With about $4.8 million remaining in their salary cap, according to ESPN Roster Management, the Rams must supplement a roster primed to make a repeat Super Bowl run.
The Rams have seven selections in the 2019 draft and are expected to pick in the first round for the first time since 2016, when they moved from the 15th pick to first overall to select quarterback Jared Goff.
It remains a possibility — and wouldn’t be surprising, given their recent history — that the Rams could trade out of the 31st pick. Last year, they sent their first-round pick (23rd overall) to the New England Patriots in exchange for receiver Brandin Cooks. Then the organization engaged in a flurry of draft-day moves to acquire a bundle of late-round selections.
In 2017, the Rams waited until Round 2 to make a pick after sending their first-round choice in the trade for Goff.
If the Rams hold on to their first-round pick on April 25, it seems increasingly likely that they will use it to fill the void left by defensive tackle Ndamukong Suh, who played last season on a one-year deal worth $14 million and whom general manager Les Snead said was unlikely to be re-signed because of budgetary constraints.
“I do think because it’s a good defensive line draft, our goal is to come out of the draft with probably a young defensive lineman,” Snead told ESPN at the NFL’s annual meetings in Phoenix. “That can happen, or guess what, I’ll say there are 31 other enemies that may decide to hinder our vision.”
A late first-round pick doesn’t leave much room for planning, and Snead certainly left open the possibility that the team could pick a lineman with any of its later picks. The Rams have two third-round picks, as well as a fourth-, fifth-, sixth- and seventh-round pick.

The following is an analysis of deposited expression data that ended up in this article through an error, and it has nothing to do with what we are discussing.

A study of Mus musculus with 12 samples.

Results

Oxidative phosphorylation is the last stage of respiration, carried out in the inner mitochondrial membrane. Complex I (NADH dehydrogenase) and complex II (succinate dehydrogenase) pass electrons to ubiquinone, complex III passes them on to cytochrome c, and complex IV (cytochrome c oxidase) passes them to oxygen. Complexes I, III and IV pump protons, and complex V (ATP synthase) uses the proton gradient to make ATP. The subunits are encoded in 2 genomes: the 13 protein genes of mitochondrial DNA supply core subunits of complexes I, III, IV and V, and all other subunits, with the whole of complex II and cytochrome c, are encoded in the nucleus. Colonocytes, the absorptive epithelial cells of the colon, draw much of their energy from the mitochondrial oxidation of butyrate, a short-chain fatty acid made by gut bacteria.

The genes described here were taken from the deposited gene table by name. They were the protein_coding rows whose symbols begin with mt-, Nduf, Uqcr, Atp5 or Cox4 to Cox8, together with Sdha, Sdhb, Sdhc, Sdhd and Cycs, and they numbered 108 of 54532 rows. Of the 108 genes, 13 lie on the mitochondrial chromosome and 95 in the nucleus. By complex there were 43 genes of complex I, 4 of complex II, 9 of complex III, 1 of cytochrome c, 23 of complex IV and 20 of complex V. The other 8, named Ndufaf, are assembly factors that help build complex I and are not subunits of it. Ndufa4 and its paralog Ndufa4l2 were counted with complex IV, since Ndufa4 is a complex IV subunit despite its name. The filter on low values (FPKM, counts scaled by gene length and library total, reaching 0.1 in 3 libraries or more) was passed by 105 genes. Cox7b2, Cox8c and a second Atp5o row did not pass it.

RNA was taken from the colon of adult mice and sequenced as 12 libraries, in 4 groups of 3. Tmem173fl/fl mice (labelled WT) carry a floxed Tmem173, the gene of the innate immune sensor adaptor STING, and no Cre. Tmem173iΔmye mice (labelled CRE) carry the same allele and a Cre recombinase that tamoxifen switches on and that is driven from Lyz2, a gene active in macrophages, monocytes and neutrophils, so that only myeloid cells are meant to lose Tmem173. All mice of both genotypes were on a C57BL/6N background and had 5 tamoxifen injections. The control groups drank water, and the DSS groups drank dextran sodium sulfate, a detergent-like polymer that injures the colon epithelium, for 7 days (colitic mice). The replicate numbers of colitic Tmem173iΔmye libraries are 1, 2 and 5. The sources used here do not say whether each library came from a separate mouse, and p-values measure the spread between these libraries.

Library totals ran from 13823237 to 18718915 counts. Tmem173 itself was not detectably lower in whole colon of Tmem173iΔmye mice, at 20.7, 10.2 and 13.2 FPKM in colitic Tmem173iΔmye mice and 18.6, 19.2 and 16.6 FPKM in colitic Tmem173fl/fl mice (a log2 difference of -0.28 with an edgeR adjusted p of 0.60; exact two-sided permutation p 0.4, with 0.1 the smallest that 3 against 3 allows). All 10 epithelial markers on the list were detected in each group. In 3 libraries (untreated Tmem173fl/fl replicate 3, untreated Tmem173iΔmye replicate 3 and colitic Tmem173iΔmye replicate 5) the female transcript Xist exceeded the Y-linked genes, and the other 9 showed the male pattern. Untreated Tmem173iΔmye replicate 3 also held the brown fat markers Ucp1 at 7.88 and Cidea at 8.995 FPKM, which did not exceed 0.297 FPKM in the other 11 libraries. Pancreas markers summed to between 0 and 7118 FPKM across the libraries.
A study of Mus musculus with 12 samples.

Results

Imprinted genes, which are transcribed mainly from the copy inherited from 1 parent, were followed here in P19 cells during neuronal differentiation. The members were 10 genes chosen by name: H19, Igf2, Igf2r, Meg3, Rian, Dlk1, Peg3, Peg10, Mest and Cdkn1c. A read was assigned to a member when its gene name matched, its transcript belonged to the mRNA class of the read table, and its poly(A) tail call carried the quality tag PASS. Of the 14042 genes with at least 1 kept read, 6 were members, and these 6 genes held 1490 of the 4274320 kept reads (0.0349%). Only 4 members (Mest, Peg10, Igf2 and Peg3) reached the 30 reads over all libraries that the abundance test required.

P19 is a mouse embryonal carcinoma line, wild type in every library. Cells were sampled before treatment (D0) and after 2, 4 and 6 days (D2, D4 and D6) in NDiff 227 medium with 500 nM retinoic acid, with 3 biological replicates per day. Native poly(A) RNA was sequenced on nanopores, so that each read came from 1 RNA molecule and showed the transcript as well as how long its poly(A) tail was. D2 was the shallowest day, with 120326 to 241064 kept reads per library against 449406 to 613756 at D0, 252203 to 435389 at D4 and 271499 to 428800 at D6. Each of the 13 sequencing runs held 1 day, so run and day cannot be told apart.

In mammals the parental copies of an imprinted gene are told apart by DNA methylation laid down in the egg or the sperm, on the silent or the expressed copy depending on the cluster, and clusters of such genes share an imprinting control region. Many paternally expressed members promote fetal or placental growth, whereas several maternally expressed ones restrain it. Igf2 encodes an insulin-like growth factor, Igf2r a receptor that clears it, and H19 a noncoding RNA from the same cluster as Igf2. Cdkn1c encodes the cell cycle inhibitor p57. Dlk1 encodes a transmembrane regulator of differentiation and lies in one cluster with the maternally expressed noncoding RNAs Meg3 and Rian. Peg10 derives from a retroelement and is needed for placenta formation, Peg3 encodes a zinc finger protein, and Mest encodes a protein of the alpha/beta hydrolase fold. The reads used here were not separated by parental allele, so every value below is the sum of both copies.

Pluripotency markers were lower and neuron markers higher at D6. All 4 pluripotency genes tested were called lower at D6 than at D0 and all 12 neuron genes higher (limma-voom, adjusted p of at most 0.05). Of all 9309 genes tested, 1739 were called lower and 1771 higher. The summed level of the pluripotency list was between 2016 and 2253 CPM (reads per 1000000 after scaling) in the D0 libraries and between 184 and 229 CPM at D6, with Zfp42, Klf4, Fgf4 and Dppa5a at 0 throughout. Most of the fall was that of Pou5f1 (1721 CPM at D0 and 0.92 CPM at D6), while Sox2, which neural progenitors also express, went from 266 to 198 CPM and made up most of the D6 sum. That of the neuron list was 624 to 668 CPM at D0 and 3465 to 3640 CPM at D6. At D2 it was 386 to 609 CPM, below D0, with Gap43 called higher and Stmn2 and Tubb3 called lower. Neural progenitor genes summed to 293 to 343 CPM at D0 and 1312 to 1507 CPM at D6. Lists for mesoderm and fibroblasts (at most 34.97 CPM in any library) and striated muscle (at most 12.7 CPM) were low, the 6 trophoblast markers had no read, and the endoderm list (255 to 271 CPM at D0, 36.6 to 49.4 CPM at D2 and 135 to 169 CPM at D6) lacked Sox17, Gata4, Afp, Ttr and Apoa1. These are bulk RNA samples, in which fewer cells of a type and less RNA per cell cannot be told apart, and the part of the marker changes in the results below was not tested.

Regardless of which pick the Rams use to bolster their line, their current personnel situation, coupled with a draft deep in defensive line prospects, could create a fortuitous situation.
The Rams return two-time NFL Defensive Player of the Year Aaron Donald, who last season led the league with 20.5 sacks and is under contract through the 2024 season after he signed a six-year, $135 million extension in August.
Michael Brockers, a first-round pick in 2012, also returns in the final season of a three-year, $33.25 million deal.
While Donald is a one-man wrecking crew who last season faced more double teams than any other defensive player in the league, Brockers has a proven ability to play multiple positions, including the five-technique and nose tackle, and that could be key for the Rams as they prepare for the draft.
“What [Brocker’s] flexibility allows you to do is maybe pick the best player, and not necessarily we have to have a nose tackle, but you can pick maybe the best five-technique,” Snead said. “It does give you some flexibility, and it’s looking like that’s what we’re going to do there.”
Brockers’ contract situation and the uncertainty of whether he’ll return in 2020 could prompt the Rams to invest a first-round pick in a long-term solution on the line.
The Rams also return several players who are expected to play supplemental, if not larger, roles, including Morgan Fox, who tore his ACL during offseason workouts last year and was sidelined for the season, John Franklin-Myers, who had a promising rookie season, and Sebastian Joseph-Day, who was inactive every game last season but whose development the Rams continue to invest in.
Snead said each could be in the plan in 2019, though roles are far from settled. “A lot of that is going to be determined draft, post-draft, OTAs, into training camp,” Snead said. “Because you’re not going to decide all those things in OTAs.”